The successful clinical application of a medical device depends on both the physical-mechanical properties of the material and the interaction of its surface with the biological environment. Proper design, synthesis, and fabrication of biomaterials can ensure that they have appropriate mechanical properties, durability, biocompatibility, and functionality.
|“PTG has a deep understanding for how various polymer structures affect performance in medical applications.”
Because all surfaces try to reduce interfacial free energy, the equilibrium surface chemical composition of polymers is almost always different from the underlying average bulk composition. The kinetics of equilibration of the polymer surface depends on the temperature, interacting environment and segmental mobility of polymer chains.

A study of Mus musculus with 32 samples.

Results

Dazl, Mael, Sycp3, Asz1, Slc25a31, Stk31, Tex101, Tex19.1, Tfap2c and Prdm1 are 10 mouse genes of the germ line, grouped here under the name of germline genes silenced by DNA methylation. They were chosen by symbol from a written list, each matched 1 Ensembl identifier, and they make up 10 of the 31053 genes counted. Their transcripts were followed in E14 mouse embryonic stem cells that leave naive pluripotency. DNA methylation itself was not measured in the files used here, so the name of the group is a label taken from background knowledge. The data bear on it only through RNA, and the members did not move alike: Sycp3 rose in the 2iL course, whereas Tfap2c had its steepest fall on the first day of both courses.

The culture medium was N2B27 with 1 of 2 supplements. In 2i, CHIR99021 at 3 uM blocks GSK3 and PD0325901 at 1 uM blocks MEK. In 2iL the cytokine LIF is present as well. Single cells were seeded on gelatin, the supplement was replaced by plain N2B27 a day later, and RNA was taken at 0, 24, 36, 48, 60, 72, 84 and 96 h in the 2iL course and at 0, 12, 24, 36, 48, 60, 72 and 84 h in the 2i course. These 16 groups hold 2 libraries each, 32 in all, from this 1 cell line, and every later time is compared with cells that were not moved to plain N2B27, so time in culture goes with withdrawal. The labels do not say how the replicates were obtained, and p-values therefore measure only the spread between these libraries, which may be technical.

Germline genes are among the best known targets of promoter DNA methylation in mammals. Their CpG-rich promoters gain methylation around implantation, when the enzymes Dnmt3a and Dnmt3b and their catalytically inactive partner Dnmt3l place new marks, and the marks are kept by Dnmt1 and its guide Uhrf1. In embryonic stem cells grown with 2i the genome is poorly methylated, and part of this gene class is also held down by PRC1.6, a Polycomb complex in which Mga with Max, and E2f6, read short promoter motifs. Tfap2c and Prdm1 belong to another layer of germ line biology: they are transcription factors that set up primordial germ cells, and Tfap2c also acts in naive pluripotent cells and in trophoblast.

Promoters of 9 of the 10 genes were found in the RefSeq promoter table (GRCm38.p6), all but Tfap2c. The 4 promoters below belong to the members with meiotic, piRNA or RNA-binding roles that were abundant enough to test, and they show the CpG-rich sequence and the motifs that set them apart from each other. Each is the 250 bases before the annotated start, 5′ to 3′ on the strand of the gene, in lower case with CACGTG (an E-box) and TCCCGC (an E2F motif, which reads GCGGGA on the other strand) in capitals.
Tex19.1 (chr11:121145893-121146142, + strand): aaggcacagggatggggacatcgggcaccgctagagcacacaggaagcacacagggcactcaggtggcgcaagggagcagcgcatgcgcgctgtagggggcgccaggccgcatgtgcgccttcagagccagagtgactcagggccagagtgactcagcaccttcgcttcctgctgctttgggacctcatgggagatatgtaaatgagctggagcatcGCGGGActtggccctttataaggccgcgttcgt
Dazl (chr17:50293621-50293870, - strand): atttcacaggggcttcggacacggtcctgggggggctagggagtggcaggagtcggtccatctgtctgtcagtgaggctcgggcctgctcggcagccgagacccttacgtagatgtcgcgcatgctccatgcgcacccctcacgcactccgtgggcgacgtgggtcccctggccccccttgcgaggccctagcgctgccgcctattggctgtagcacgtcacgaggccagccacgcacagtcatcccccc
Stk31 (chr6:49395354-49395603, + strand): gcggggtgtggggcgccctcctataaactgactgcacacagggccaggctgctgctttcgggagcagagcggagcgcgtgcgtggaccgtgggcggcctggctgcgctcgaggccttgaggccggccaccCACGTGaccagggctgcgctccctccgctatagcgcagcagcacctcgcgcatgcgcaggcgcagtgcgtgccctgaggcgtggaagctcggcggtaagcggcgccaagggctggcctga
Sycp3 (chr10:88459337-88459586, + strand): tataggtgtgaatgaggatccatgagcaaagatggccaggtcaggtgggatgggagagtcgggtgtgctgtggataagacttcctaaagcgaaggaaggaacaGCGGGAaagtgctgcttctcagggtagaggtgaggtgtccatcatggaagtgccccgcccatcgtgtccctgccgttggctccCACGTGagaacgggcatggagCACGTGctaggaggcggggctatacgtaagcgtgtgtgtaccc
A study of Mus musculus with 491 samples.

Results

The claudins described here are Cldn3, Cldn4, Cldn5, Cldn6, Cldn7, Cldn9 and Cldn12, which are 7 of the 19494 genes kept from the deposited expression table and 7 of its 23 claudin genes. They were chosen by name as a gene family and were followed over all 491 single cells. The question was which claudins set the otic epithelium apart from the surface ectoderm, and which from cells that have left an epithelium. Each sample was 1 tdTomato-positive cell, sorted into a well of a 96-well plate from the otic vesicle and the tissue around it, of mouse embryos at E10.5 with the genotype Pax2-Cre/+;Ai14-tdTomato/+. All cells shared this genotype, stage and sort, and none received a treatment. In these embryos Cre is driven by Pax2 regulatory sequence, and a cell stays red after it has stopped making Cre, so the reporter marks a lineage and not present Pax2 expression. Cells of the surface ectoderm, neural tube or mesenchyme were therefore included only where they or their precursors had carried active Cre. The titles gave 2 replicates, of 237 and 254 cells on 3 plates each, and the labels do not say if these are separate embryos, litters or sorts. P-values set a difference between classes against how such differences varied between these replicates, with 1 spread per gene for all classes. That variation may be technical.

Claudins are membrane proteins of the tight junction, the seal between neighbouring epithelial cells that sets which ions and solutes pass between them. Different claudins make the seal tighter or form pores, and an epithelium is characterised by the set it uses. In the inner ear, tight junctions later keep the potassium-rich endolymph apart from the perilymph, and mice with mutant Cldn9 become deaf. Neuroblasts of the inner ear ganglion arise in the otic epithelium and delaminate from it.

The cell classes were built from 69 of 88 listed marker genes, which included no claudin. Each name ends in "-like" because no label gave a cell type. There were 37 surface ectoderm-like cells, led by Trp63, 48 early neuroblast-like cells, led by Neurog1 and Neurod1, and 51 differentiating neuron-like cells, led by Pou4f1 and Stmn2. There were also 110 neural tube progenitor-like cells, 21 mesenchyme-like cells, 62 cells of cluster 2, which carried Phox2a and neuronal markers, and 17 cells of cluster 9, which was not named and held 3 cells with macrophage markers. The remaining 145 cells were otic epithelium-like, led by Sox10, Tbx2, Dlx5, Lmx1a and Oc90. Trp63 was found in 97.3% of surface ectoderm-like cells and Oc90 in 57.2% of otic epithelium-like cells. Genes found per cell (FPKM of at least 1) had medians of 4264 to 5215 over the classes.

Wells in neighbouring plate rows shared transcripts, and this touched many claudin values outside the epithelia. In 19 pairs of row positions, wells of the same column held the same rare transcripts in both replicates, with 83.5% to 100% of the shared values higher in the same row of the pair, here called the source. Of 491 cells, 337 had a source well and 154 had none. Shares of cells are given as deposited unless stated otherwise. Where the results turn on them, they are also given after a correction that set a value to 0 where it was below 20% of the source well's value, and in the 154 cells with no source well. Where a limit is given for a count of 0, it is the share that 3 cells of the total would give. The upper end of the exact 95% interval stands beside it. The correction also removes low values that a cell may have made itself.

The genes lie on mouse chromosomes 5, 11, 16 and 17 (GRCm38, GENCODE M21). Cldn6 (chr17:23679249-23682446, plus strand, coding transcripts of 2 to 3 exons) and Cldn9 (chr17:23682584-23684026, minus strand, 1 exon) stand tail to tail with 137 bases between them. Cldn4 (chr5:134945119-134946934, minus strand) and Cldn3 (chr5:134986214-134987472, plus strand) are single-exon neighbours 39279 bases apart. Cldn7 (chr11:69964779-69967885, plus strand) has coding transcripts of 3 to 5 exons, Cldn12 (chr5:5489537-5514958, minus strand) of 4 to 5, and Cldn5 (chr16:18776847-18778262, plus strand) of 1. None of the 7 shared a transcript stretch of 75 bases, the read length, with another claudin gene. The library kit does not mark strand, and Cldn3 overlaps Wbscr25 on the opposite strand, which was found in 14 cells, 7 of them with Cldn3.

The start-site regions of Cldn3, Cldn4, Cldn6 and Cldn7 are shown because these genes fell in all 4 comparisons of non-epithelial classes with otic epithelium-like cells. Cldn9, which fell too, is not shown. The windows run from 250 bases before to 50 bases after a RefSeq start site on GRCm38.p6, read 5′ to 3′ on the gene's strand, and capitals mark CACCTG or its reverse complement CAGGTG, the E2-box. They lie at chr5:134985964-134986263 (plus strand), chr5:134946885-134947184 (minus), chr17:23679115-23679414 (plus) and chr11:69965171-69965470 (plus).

Most synthetic polymers currently used as biomaterials were developed for their bulk properties and processability with little or no consideration of the surface properties important to biomedical applications. This has led to the widespread use of surface treatments and topical coatings applied to medical devices after component fabrication.
These efforts include changing the hydrophobic/hydrophilic properties of the surface, surface grafting, and immobilization of species of particular interest such as heparin or polyethylene oxide (PEO) onto base polymers. While these post-fabrication surface treatments have, to some extent, improved the biocompatibility of devices, there is an attendant increase in cost associated with the additional processing steps and post processing steps have the potential to compromise the bulk physical properties.
PTG engineers surface properties during the bulk synthesis of our biomaterials. That is, our polymer will demonstrate a specific surface chemistry that is very different from the bulk polymer chemistry. This level of surface engineering can only occur while using extremely surface specific analytical techniques.